Keep the Asian engine running
Updated: 2013-04-13 07:52
By Wu Jianmin (China Daily)
China, Japan and other countries must make efforts to overcome their differences and strive for peace and common development
The Boao Forum for Asia, which concluded on Monday, drew a record number of participants, including dignitaries and former political leaders from five continents. The forum's annual conference, held in Boao city of Hainan province, is a platform for high-level leaders from governments, businesses and the academic world to discuss pressing issues in Asia and beyond. This year's conference, not surprisingly, drew greater attention thanks to Asia becoming the global economic powerhouse and to growing concerns over the region's stability.
Asia is now regarded as the engine of growth leading the world out of the global financial crisis. International Monetary Fund Managing Director Christine Lagarde, one of the world leaders who attended the forum, praised Asia as a "consistent global growth driver" accounting for two-thirds of global economic growth in the five years since the outbreak of the global financial crisis. And China contributed half of that growth.
Asia has maintained a steady growth rate over the past two decades to emerge as the world's most rapidly growing and dynamic region. Indeed, its continued growth is of great significance given the patchy global recovery. The United States used to be the main engine of global growth, but the global financial crisis pushed the country into economic turmoil and changed the world economic landscape. The center of the crisis later shifted to Europe with the worsening of the sovereign debt crisis in the eurozone.
After showing signs of real recovery, the troubled US economy unexpectedly shrank in the fourth quarter of 2012, the first time since 2009, exposing the halting nature of the country's recovery. As for Europe, recovery remains lopsided and uneven. It is still uncertain whether the European Union will, as earlier economic forecasts suggested, return to growth gradually in 2013. Under such circumstances, Asia's role as the driver of global growth remains crucial.
Asia has grabbed the world's attention for its economic successes, but it also faces growing security challenges. The Asia-Pacific region has remained basically peaceful and stable since the end of the Cold War, but conflicting claims over islands and maritime rights have generated tensions in the region in recent years. Territorial disputes in the South China Sea have strained ties between China and other claimant countries. And the Diaoyu Islands dispute has pushed Sino-Japanese relations to their lowest point since normalization of Beijing-Tokyo ties 41 years ago.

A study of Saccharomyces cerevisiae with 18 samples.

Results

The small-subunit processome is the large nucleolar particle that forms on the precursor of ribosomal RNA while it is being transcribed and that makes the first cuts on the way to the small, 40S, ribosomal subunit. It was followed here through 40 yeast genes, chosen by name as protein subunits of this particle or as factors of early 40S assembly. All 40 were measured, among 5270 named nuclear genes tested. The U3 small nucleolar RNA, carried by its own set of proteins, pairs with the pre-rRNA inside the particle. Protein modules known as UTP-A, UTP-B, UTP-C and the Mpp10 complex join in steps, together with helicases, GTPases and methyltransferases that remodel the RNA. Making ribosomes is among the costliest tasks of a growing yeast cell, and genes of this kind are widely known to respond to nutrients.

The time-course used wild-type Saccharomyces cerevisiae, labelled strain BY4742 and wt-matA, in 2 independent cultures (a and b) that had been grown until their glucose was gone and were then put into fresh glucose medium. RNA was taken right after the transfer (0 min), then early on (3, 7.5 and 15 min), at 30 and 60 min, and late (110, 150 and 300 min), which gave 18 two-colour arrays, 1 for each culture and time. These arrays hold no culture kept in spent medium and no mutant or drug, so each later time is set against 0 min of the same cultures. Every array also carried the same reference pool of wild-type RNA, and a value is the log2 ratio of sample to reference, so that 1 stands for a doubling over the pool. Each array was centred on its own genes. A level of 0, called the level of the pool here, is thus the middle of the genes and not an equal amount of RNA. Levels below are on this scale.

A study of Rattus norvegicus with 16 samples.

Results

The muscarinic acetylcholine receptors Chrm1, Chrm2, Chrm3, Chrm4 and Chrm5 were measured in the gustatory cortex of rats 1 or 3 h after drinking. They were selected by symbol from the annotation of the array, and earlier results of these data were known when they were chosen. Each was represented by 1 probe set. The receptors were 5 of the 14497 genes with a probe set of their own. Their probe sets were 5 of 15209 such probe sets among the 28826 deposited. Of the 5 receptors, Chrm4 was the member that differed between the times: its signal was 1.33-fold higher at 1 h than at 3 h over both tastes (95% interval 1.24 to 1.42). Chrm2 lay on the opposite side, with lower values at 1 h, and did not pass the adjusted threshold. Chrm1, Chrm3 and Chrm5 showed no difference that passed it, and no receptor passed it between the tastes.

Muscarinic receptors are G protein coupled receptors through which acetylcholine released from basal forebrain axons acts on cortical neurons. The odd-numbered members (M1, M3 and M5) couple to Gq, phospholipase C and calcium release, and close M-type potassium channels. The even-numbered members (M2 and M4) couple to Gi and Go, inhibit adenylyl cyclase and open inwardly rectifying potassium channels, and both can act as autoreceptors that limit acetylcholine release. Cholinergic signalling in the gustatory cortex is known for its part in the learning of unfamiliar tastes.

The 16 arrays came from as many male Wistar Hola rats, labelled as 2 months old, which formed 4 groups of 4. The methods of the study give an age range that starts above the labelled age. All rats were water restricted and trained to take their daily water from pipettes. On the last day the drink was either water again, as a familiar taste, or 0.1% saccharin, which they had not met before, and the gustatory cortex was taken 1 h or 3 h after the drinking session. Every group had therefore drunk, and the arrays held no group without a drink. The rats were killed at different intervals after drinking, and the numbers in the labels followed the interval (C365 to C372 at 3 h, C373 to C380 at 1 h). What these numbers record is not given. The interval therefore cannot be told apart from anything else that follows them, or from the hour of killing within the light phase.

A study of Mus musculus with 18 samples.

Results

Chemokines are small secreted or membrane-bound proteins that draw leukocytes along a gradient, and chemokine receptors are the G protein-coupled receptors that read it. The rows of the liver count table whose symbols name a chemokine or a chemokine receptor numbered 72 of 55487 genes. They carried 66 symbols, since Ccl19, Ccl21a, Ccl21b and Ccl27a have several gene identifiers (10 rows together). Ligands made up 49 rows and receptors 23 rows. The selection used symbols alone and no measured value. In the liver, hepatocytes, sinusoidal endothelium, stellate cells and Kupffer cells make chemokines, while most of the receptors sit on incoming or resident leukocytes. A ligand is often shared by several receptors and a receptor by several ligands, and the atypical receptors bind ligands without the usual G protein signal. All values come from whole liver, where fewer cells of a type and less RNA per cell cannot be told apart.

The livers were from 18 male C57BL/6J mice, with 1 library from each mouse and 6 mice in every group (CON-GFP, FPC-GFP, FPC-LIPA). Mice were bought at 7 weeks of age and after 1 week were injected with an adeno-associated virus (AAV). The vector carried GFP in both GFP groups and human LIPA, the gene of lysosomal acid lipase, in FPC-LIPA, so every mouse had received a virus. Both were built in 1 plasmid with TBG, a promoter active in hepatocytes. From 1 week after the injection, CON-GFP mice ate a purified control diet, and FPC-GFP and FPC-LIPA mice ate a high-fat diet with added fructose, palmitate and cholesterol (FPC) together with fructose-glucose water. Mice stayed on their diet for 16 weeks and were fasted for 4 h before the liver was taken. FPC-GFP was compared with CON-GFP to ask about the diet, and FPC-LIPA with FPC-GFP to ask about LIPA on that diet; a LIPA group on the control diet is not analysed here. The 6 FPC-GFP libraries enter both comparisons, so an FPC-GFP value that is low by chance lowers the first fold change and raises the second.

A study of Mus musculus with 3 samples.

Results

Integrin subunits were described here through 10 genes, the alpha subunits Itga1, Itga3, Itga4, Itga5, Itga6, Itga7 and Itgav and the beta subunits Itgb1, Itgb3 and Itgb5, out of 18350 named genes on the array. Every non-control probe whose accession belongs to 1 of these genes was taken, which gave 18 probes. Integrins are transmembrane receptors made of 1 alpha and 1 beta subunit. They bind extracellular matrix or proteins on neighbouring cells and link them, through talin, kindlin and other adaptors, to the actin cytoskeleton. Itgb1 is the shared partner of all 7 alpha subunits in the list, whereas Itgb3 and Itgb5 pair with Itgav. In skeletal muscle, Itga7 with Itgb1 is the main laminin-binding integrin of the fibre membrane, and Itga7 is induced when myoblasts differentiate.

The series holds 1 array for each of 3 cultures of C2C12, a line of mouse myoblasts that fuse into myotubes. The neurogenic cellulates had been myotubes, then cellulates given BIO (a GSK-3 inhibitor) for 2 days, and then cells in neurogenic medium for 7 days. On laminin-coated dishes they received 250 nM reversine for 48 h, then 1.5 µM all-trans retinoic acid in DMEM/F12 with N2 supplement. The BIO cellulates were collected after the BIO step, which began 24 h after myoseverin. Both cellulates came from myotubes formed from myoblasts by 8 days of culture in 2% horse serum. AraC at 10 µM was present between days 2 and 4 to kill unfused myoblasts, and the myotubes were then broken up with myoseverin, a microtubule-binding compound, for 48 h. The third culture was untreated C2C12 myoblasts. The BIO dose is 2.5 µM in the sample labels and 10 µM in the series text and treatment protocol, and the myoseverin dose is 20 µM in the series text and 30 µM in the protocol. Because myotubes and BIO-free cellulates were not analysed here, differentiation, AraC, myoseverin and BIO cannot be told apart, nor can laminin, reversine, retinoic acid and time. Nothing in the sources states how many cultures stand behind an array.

The regional issues, along with the "pivot to Asia" policy of the US, have complicated the regional security landscape further. The US has always maintained a strong presence in Asia, but now it is boosting its scale as the center of international relations shifts from the Atlantic to the Pacific.
China's rise obviously plays a key role in this respect. In 2001, China's GDP was $1.15 trillion, the sixth highest in the world. But by 2011, it had become the world's second-largest economy with its GDP reaching $7.3 trillion, equal to 49 percent of the US'. Understandably, China's unprecedented rise has caused concerns among the US, as well as some of its Asian neighbors. Given the major economic fallout of the Sino-Japanese dispute and some other countries' not-so friendly attitude toward China, many people now wonder whether Asia will be able to maintain peace and stability and preserve its status as the center of global growth.
The restoration of friendly ties between Beijing and Tokyo will, no doubt, have a far-reaching impact on regional peace and stability. In fact, Beijing is ready to resolve the Diaoyu dispute through dialogue and consultation. The problem is that Japan is turning decisively to the right, with its right-wing activists fueling nationalistic passions against China and thus weakening the efforts to maintain peace and violating the principles enshrined in the four political documents signed by the two countries.
Long-term peaceful and friendly cooperation, however, remains the only choice for the two countries, as well as for the Asian community. Delivering a keynote speech at the Boao Forum for Asia Annual Conference 2013, President Xi Jinping said: "Peace, like air and sunshine, is hardly noticed when people are benefiting from it, but none of us can live without them." Without peace, development is out of the question, he added.
Xi's words reflect China's diplomatic direction and represent the wishes of the people of China, Japan and other Asian countries. Peace and development is the trend of the times, and Asian countries have to make concerted efforts to overcome their differences and strive for peace, stability and common development of Asia and beyond.
The author is vice-chairman of the Institute of Strategy and Management, Beijing, and a member of the Foreign Policy Advisory Committee of the Ministry of Foreign Affairs.